An early medal is all Kiwis need to fire up - Currie
GREG FORD IN LONDON
Not even a horror four-hour mystery bus tour for several Kiwi athletes and officials could dampen New Zealand team chef de mission Dave Currie's optimism that New Zealand is on the cusp of a medal winning start to the Olympic Games.
Currie revealed yesterday several team members were among the hundreds caught up last week in an airport transfer bungle when buses from London's Heathrow to the Olympic village got lost due to faulty onboard satellite navigation systems, inexperienced drivers, and a last-minute route change.
The gaffe created international headlines and storm of tweets from angry athletes but Currie said that fortunately the vast majority of the New Zealand team avoided the mayhem and the sore point was the only blemish on an otherwise faultless start to the sporting jamboree.
“It was a bit rough,” he said of the transfer shambles.
“And to the organisers' credit they are listening to us and responding on our concerns.
"It really has been the only problem so far which is in stark contrast to when the team last got together [at the Commonwealth Games in Delhi in 2010]. In that respect it is going from the ridiculous to the sublime.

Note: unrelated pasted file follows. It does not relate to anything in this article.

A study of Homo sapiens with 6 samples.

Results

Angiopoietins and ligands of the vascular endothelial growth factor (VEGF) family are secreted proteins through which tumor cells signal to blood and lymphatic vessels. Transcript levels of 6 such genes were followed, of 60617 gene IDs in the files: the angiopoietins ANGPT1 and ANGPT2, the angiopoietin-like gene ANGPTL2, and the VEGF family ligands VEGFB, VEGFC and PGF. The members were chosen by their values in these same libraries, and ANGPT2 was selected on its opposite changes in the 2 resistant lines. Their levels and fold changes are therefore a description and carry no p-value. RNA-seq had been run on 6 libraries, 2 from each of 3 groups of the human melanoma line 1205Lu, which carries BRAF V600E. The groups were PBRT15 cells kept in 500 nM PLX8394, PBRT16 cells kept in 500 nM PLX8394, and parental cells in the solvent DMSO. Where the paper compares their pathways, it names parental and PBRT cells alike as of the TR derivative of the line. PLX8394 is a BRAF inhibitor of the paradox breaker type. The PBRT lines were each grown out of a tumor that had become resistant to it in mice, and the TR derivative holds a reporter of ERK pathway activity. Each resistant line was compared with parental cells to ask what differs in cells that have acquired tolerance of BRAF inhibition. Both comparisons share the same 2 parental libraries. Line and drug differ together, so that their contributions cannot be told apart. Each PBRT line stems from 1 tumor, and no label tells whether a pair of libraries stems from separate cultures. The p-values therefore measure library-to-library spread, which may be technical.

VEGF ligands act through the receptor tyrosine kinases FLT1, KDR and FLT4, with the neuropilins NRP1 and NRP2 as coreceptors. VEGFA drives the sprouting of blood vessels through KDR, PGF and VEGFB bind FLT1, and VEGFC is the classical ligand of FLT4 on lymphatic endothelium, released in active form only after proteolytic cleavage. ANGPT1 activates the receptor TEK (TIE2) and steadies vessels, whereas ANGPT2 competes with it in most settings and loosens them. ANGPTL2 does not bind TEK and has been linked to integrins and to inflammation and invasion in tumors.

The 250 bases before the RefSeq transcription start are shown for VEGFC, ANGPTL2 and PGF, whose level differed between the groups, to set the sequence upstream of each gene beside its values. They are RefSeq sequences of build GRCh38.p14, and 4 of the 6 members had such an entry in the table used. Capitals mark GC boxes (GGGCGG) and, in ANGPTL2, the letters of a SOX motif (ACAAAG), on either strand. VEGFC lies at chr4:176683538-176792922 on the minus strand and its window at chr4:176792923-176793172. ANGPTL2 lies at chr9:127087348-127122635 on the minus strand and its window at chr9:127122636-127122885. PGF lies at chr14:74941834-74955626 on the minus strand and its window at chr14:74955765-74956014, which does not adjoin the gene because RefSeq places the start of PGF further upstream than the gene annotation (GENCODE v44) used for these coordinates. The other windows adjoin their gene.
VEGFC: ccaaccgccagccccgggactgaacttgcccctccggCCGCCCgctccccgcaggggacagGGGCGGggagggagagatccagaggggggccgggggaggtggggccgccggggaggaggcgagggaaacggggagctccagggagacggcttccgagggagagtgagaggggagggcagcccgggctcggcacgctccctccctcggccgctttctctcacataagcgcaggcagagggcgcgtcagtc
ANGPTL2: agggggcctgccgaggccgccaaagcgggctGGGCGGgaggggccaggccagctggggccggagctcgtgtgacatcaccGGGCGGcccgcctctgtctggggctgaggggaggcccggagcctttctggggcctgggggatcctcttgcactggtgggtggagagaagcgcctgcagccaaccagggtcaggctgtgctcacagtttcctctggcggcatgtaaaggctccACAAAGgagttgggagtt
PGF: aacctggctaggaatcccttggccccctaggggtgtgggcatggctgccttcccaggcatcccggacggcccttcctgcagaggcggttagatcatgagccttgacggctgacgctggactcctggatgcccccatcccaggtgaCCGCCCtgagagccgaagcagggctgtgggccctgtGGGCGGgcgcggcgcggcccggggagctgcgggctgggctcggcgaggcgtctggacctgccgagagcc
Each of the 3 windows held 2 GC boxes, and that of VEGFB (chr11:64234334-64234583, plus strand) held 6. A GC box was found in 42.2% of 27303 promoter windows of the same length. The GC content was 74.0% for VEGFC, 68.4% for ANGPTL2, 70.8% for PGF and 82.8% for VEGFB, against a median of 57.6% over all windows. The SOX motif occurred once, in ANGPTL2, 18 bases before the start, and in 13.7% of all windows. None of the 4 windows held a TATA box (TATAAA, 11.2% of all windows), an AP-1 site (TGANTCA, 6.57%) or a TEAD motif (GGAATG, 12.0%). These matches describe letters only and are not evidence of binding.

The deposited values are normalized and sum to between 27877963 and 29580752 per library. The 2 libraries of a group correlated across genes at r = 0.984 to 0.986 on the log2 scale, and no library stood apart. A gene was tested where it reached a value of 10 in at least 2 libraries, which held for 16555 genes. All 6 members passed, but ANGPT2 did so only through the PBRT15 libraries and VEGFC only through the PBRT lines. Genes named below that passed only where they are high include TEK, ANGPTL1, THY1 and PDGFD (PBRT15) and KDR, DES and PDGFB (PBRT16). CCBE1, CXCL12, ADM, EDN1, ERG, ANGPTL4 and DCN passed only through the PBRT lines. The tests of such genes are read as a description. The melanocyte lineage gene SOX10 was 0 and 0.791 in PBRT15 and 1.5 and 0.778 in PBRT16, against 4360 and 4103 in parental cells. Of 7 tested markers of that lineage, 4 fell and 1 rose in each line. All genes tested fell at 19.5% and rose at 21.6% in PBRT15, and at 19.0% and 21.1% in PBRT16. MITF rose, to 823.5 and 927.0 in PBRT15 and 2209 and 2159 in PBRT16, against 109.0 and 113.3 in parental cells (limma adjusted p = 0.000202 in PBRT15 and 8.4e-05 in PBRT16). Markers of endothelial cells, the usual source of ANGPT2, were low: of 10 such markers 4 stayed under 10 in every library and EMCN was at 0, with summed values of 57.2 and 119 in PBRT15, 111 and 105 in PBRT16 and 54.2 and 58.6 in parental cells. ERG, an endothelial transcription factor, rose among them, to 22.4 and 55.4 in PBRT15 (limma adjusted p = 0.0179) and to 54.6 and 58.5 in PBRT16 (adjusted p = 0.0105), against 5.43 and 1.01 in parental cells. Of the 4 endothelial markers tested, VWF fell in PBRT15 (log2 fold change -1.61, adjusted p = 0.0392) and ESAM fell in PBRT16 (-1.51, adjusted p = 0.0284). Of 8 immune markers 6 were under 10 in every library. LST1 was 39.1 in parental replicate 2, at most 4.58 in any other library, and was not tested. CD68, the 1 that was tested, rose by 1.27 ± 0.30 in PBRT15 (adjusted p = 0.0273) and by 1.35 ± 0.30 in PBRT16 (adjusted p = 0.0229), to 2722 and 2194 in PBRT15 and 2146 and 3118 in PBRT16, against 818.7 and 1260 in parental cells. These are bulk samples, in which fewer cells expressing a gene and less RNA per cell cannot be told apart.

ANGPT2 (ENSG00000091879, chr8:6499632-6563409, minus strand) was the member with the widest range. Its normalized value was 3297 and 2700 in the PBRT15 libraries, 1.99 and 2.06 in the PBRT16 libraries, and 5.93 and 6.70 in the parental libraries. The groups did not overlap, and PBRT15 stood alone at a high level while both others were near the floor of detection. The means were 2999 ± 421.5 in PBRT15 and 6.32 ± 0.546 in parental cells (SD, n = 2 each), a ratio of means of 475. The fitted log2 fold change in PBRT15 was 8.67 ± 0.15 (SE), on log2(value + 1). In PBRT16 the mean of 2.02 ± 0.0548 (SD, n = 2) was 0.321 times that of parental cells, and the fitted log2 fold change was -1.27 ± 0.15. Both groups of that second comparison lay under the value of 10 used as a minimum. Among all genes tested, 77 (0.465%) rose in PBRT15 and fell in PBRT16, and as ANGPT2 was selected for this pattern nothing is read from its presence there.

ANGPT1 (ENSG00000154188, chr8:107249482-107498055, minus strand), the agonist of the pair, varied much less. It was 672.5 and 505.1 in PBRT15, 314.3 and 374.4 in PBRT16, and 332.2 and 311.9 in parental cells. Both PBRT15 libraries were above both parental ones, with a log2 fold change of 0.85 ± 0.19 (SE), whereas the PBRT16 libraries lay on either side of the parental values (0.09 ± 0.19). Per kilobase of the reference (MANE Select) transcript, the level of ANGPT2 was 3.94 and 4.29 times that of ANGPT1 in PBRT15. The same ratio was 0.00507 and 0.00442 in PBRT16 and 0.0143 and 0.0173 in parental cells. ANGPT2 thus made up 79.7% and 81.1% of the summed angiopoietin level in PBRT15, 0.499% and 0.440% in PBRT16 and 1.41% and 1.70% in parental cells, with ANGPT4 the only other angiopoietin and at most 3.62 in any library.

“In Delhi the chef de mission meetings lasted three hours of ranting raving and shouting. Everything has been so smooth here.”
Upon jetting in, the vast majority of the New Zealand team have since jetted out. Yesterday, only a handful of the 185-strong New Zealand team were in situ at the Olympic village; nearly the entire team have embarked on their final offsite pre-Games camps (for example the New Zealand track and field team is tuning up in Cardiff, the men's hockey team has moved to Bath and women's hockey team France).
Currie said the mass exodus was a pre-planned move to avoid the Games bubble and its pressures. “There's no use getting too fired up too early so several signalled some time ago that they would familiarise themselves with the village and then head away before returning for the duration of the Games.”
The general consensus amongst the team was the village was the best they had encountered, said Currie. The veteran of several Olympic campaigns echoed their thoughts and was optimistic the team's confidence could bear early fruit in the form of several medals.
New Zealand's best hopes - in rowing, the velodrome, equestrian, sailing, BMX, triathlon, shot put and women's road race time trial - are all spaced out in an orderly fashion over the Games calendar, unlike previous events.
“In previous Games sometimes it has taken until the second week until we have won a medal so it is really important someone brings one back early.
"I always remember in Athens when the [Georgina and Caroline] Evers-Swindell sisters won gold and Sarah Ulmer said to me: ‘I want one of those', and went out and won one soon after. That's what a medal does for a team. They are huge. Hopefully we can win one early in the equestrian or pool.”